Wetter winter predicted for Texas
An El Nino currently developing in the tropical Pacific could mean an improved agricultural outlook for all of Texas, according to John Nielsen-Gammon, Ph.D., state climatologist and regents professor at Texas A&M University.
"An El Nino refers to unusually high tropical temperatures which shift the pattern of tropical convection, and usually leads to a cool and wet winter for Texas," Nielsen-Gammon said.
Though an El Nino's effects are usually stronger in southern parts of the state along the Gulf Coast, it generally causes shifts in weather patterns for the entire state, he said.
"It's a nice switch from the last couple of years, which were La Nina events which generally favor dry conditions," he said.
La Nina episodes are when the tropical Pacific temperatures are lower than average, he said.
Unfortunately for the Midwest and Mississippi Valley, an El Nino generally "signals" a drier-than-normal winter, according to Nielsen-Gammon.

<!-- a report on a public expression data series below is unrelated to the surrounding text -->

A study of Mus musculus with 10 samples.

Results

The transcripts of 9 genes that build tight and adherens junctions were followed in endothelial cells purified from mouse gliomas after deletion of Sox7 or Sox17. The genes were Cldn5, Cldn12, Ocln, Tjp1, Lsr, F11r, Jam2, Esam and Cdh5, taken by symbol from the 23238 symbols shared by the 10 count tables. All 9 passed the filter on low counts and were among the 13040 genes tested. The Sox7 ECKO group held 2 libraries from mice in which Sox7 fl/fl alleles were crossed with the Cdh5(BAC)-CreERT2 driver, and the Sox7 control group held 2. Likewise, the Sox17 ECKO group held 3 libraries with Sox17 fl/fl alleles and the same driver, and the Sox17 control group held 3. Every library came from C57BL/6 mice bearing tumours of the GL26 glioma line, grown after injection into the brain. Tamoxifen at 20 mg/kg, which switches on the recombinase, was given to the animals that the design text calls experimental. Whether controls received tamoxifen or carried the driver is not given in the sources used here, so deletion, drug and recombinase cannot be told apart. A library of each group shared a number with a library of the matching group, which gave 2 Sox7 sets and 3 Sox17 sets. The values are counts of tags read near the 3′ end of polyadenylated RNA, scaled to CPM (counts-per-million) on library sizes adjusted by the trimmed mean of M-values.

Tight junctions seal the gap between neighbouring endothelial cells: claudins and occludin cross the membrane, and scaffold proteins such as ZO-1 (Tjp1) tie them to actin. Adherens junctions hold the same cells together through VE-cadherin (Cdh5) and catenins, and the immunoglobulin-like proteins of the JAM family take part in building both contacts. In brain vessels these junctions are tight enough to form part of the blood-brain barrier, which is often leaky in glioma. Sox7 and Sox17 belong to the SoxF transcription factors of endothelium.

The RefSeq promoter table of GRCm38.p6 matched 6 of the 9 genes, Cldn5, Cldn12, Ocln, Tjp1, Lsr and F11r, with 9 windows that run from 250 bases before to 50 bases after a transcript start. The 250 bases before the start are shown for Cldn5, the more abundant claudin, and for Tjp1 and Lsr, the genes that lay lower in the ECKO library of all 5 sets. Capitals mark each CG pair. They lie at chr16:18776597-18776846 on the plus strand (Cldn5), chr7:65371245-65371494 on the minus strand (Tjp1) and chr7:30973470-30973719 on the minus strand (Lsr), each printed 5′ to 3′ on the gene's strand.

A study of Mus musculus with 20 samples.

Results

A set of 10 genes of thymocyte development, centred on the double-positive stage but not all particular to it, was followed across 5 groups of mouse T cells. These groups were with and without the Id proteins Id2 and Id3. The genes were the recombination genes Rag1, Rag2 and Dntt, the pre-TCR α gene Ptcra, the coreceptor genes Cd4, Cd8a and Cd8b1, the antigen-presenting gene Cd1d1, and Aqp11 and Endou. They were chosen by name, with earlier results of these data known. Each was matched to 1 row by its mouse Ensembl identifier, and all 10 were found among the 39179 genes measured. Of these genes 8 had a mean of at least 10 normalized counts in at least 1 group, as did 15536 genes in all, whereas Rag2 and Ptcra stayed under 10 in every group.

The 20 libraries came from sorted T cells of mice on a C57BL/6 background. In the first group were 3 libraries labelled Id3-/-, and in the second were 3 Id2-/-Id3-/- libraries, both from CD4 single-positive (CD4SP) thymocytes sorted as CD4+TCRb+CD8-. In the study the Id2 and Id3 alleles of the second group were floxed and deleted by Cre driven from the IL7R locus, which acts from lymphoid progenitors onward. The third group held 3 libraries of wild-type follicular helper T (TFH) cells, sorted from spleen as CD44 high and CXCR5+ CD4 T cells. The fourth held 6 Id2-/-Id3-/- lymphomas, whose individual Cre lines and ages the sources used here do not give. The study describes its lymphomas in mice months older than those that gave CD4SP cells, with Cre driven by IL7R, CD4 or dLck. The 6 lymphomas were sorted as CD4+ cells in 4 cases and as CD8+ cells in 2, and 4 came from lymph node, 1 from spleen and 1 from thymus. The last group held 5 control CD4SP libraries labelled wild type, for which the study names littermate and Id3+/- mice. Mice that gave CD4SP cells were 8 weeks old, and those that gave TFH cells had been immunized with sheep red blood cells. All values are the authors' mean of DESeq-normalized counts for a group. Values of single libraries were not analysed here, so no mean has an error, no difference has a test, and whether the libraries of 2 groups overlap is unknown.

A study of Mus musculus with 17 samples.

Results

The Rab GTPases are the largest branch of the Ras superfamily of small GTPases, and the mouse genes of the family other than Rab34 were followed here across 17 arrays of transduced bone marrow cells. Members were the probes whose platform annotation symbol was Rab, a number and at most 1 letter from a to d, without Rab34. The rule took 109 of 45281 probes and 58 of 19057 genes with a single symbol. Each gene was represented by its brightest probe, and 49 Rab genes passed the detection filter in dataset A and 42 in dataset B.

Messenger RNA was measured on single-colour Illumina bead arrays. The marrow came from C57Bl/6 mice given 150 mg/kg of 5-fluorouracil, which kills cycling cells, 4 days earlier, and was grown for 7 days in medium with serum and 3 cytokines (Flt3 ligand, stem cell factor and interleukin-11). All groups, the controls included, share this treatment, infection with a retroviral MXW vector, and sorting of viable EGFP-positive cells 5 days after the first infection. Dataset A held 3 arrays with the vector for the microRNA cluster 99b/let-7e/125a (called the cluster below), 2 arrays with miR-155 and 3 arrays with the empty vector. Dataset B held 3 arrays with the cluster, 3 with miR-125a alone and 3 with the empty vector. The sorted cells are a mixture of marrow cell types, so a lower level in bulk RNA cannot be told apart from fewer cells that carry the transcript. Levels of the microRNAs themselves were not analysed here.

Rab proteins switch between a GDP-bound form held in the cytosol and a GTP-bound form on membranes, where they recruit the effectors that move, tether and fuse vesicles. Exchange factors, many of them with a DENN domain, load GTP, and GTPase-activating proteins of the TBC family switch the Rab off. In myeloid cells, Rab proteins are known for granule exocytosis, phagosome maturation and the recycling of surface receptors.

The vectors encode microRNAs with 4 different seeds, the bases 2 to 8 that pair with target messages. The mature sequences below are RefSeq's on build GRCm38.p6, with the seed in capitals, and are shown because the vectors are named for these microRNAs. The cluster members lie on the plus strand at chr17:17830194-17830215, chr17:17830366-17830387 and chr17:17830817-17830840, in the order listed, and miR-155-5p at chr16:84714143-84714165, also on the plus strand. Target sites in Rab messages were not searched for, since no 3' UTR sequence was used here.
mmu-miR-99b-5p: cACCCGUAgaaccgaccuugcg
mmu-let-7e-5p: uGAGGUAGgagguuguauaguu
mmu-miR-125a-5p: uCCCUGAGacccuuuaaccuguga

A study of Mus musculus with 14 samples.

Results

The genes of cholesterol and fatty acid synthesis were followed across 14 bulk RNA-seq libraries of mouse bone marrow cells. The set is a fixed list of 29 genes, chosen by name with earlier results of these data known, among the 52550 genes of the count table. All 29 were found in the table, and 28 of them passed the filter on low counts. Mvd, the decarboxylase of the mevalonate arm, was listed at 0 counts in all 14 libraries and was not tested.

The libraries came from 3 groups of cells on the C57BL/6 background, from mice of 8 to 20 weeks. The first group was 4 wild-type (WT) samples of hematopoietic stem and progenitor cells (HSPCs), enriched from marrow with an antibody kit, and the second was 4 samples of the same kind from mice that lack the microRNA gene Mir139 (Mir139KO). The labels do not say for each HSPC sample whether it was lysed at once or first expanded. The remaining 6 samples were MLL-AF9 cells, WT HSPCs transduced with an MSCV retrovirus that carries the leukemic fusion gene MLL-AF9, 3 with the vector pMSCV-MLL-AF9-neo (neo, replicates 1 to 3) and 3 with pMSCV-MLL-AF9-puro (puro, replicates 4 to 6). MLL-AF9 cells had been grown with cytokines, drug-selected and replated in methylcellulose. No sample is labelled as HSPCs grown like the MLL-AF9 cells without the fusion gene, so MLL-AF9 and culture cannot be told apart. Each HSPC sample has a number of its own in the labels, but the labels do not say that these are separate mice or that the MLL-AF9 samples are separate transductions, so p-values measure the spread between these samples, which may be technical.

Currently, tropical Pacific temperatures are about 0.5 to 1.0 degree Celsius (0.9 to 1.8 degrees Fahrenheit) above normal, Nielsen-Gammon said.
"Right now, it looks like a weak to moderate one," he said. "It would have be 1.5 to 2 degrees (2.7 to 3.6 degrees Fahrenheit) above normal to get a strong one."
But even a weak-to-moderate El Nino should have a pronounced effect of this fall's winter weather, he said.
"I just want to emphasize that wet conditions from an El Nino are not a sure thing, just like dry conditions with La Nina are not a sure thing," he said. "Last year, we saw La Nina conditions, but we ended up having above-normal rainfall across the state.
"For the sake of West Texas, I hope this El Nino comes through for us and gives us wet weather, but there's no guarantee of that."
North Atlantic temperatures are still running high, which is "a strike against us, especially for summer for fall," Nielsen-Gammon said. "But sometime around November, statistically the Pacific starts to take over, having a bigger effect on our weather."